Student Loans

Federal student loan payments resume in October: What you need to know

Payments on federal student loans have been on pause since 2020. Fast forward to October 2023, and this respite comes to an end. 


According to Ted Rossman, Senior Industry Analyst at Bankrate, “The average student loan payment is about $400 a month. So it is really important to think about how this fits into your larger household budget. A lot's changed over the past few years. A lot of costs have gone up, so you definitely want to make sure that you have a good handle on things.”




To identify your loan servicer, visit and navigate to your account dashboard. Seek out the "My Loan Servicer" section and make sure all your contact details are current. As Jill Desjean recommends, “I would also say set up auto debt from your bank account. That makes it much easier to not have to have that one more thing to remember every month that you need to make your student loan payment.”

For those anxious about resuming payments, there are some options. Experts advise exploring income-driven repayment plans, and more importantly, a new plan launched by the Department of Education called the Saving On a Valuable Education or “SAVE”. This plan could even reduce your monthly obligations to zero. 

Ted Rossman states, “What it means is if you're a single person making less than about $33,000 a year, you may not have to make any payments at all. If you're a family of four, that cutoff is right around $68,000. So there's a chance that you may either not have to pay or you may be able to pay less.”

After the Supreme Court struck down his student debt relief program on Friday, President Joe Biden announced a set of new initiatives. “We’re not going to waste any time on this,” he said.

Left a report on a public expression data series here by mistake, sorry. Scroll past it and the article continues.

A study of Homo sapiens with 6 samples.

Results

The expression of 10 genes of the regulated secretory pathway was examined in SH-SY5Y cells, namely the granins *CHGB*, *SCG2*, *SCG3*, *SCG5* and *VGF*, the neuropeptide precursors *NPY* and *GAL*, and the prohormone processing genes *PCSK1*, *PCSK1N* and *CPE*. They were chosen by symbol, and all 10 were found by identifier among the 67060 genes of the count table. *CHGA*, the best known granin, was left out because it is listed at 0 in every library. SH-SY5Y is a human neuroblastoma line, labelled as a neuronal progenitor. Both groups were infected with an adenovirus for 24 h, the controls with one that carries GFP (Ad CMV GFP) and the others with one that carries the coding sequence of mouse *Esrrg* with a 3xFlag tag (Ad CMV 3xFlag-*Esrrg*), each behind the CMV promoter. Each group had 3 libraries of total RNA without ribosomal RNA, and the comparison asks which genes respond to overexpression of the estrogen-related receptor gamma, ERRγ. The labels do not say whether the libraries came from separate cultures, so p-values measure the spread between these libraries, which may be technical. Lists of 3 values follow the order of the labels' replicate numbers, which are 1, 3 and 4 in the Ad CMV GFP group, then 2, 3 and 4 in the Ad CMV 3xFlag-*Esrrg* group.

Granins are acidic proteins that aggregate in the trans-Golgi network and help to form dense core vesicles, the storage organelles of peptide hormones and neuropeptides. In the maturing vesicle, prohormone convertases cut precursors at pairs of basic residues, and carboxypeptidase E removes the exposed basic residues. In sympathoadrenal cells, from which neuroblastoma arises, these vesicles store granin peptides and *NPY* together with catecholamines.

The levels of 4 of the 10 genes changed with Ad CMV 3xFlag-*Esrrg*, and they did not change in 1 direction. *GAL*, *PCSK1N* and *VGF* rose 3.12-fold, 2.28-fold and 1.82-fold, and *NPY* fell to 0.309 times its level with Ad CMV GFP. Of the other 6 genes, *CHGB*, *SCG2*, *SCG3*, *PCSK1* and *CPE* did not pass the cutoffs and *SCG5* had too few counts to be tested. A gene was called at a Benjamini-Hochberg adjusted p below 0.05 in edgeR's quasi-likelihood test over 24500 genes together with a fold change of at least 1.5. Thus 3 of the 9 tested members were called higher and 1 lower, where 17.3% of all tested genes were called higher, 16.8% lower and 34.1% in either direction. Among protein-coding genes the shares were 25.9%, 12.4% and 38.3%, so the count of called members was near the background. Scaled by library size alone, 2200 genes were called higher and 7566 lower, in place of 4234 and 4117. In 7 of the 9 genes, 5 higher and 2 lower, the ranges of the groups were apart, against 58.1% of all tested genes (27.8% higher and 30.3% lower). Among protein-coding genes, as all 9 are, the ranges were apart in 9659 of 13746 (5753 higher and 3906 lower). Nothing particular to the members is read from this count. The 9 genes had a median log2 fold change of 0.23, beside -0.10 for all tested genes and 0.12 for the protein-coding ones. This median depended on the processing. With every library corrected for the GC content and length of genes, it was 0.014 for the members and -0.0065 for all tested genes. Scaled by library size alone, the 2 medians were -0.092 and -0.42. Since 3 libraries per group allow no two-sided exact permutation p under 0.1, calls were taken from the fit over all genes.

The SAVE plan is set to replace the current “Revised Pay As You Earn Plan” or (REPAYE). While it's currently in its beta testing phase, you can still apply. If you're already under the REPAYE plan, the transition to SAVE will be automatic.

One notable attribute of the new plan, as Jill Desjean mentions, is the eradication of negative amortization. “This new plan eliminates what's called negative amortization, which is when interest accrues at a greater rate than what you're able to pay down. So in any month, if you make a payment that doesn't cover the interest that is accrued, the difference, the balance of the interest that wasn't covered is just forgiven. It goes away. So students won't see their balances growing and growing as they make payments anymore.”

Starting next year, other benefits of the SAVE plan include:

  • Payments on undergraduate loans will be cut by 50%.
  • Those with principal balances of $12,000 or less can anticipate loan forgiveness after 10 years of payments.
  • Borrowers who are 75 days late on payments will be automatically enrolled in income-driven repayment, provided the Department of Education can access their tax records.

However, the White House effort to cancel student loan debt hasn't been without controversy. Two conservative groups are challenging the Biden administration in court over their initiative to cancel $39 billion in student loans for over 800,000 individuals. Responding to this, the Education Department said the lawsuit is “a desperate attempt” by these entities “to keep hundreds of thousands of borrowers in debt.”